The Charlottetown Islanders’ major junior hockey team is sticking around for at least the next four years.
Charlottetown city council voted 7-1 at its regular public monthly meeting recently to authorize the new contract.
Coun. Jason Coady was the lone councillor in opposition while Couns. Terry MacLeod and Eddie Rice were absent.
The new contract will see the city give the Quebec Major Junior Hockey League franchise $107,000 per year for each of the four years of the deal, the same deal that was on the table under the last contract.
A total of $40,000 will be paid on Sept. 1 of each year, beginning with the 2018-19 season, and $60,000 to be paid within 30 days of the end of each hockey season. The final payment will be made at the end of the 2021-22 season.
In exchange, the city gets 26 season tickets and a number of promotional tools such as two back-lit signs and a complimentary message from mayor and council in any team program or magazine. The city will also get its logo ‘Charlottetown . . . great things happen here’ on the ice at all times, on rink boards and on all big screens.
In addition, the city is getting an ad on the team calendar and on season tickets and will sponsor an award called the Mayor’s Annual Community Services Award.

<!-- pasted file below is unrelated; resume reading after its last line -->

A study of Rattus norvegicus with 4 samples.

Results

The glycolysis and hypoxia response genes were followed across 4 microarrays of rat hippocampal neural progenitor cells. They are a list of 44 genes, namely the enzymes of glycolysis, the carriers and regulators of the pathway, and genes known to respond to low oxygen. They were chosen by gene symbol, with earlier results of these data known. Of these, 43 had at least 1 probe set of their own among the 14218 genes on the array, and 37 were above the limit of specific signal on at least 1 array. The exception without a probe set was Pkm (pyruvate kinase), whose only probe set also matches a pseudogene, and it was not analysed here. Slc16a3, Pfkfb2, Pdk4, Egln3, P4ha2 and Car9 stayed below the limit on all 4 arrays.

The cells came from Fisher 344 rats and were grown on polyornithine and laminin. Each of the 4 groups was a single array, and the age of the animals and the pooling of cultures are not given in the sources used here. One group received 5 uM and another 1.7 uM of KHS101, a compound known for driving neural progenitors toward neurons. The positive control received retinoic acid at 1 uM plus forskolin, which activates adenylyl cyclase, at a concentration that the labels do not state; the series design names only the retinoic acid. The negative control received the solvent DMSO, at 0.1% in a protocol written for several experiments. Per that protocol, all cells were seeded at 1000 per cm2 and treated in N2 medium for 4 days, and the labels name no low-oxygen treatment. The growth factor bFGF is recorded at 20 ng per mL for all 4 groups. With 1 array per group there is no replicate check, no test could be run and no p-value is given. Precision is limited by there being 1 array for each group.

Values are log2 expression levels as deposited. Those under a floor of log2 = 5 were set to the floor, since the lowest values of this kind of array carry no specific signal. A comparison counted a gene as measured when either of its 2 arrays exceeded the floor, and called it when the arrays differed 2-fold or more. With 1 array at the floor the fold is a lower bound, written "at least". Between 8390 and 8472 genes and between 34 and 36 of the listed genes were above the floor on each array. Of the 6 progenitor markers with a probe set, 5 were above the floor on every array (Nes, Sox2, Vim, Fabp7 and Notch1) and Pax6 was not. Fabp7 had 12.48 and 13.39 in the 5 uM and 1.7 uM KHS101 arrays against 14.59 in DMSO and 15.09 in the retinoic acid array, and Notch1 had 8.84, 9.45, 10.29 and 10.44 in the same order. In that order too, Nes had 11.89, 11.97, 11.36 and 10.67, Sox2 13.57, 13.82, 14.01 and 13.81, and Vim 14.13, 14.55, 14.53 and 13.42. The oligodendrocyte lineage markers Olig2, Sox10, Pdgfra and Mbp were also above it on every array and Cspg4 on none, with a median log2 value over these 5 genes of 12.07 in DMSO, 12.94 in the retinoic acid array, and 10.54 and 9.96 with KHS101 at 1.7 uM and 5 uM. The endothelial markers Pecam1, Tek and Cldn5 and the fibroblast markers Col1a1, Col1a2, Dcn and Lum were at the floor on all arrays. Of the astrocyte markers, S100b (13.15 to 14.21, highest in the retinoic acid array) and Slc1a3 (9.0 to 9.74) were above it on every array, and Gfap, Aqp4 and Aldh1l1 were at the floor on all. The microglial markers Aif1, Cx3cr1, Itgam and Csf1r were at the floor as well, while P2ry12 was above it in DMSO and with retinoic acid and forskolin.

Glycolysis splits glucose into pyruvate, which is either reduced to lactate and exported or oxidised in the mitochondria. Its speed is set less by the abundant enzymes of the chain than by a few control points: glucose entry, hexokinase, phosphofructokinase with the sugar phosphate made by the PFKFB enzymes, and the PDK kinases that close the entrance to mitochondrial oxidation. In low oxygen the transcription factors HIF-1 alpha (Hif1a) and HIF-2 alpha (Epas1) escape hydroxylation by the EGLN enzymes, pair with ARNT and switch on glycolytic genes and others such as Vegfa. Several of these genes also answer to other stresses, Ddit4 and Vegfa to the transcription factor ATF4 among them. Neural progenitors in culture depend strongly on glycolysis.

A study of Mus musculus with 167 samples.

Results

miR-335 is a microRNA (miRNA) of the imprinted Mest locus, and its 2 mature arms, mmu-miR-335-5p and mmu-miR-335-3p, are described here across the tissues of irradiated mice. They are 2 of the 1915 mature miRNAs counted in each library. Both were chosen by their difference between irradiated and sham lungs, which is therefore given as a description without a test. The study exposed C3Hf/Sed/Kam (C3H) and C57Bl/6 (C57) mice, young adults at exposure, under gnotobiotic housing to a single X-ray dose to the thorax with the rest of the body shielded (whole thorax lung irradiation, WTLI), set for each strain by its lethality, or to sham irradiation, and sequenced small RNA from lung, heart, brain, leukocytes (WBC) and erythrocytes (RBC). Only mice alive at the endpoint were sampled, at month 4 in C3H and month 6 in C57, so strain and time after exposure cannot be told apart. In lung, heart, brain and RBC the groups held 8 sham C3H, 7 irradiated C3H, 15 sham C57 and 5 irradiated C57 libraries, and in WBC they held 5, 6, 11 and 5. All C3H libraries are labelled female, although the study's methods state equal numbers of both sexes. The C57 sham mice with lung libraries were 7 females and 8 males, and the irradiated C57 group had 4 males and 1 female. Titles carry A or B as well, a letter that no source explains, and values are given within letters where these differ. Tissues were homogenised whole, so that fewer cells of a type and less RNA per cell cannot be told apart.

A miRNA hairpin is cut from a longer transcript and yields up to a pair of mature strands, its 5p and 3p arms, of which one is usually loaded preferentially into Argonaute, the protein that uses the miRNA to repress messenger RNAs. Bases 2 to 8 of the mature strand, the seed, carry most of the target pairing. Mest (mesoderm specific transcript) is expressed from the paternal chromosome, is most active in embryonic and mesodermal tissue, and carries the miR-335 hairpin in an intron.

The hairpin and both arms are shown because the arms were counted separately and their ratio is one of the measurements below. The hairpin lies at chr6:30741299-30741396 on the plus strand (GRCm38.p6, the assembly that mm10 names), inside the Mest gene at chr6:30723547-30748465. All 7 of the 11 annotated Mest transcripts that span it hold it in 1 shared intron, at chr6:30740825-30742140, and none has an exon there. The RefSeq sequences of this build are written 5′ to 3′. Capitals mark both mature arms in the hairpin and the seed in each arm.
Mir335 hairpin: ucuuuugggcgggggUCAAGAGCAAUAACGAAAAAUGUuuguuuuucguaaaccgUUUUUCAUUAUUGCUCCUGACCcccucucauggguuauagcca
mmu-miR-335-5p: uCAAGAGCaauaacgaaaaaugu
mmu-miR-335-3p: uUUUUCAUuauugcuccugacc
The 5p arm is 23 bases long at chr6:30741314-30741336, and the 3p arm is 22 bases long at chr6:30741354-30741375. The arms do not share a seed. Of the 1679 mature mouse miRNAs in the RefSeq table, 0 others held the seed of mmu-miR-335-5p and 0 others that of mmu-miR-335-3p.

And, in the event that ice time at Eastlink Centre is not available for the Islanders, such as for training camp in August, the city will provide an alternate ice surface in Charlottetown or compensate by granting the equivalent value of ice time outside the city, up to a maximum of $7,000.
“Council has stressed that we want to keep the team here,’’ said Coun. Bob Doiron, chairman of the economic development, tourism, arts and culture committees.
“We want to do whatever we can in supporting the team staying here. Council passed a package to keep them here for the next four years. We have them under contract to stay here. Hopefully, things will work out for us all.’’
There is a stipulation in the contract that if the team is sold for more than $3.5 million at any time during the duration of the contract that the hockey team will pay back half of the money it receives.
Coady said he voted against the contract because he hasn’t seen financial statements from the team.
“As an elected official . . . I would expect to see financial statements before we give out loans and/or grants to different organizations,’’ Coady said.
The length of the contract takes both parties up to the 2023 Canada Winter Games when the city is widely expected to have a new multi-purpose arena in place.
Meanwhile, Doiron said the city is planning to sit down with the National Basketball League of Canada’s Island Storm before too long to hammer out a deal there. The city’s contract with the Storm expires at the end of the season.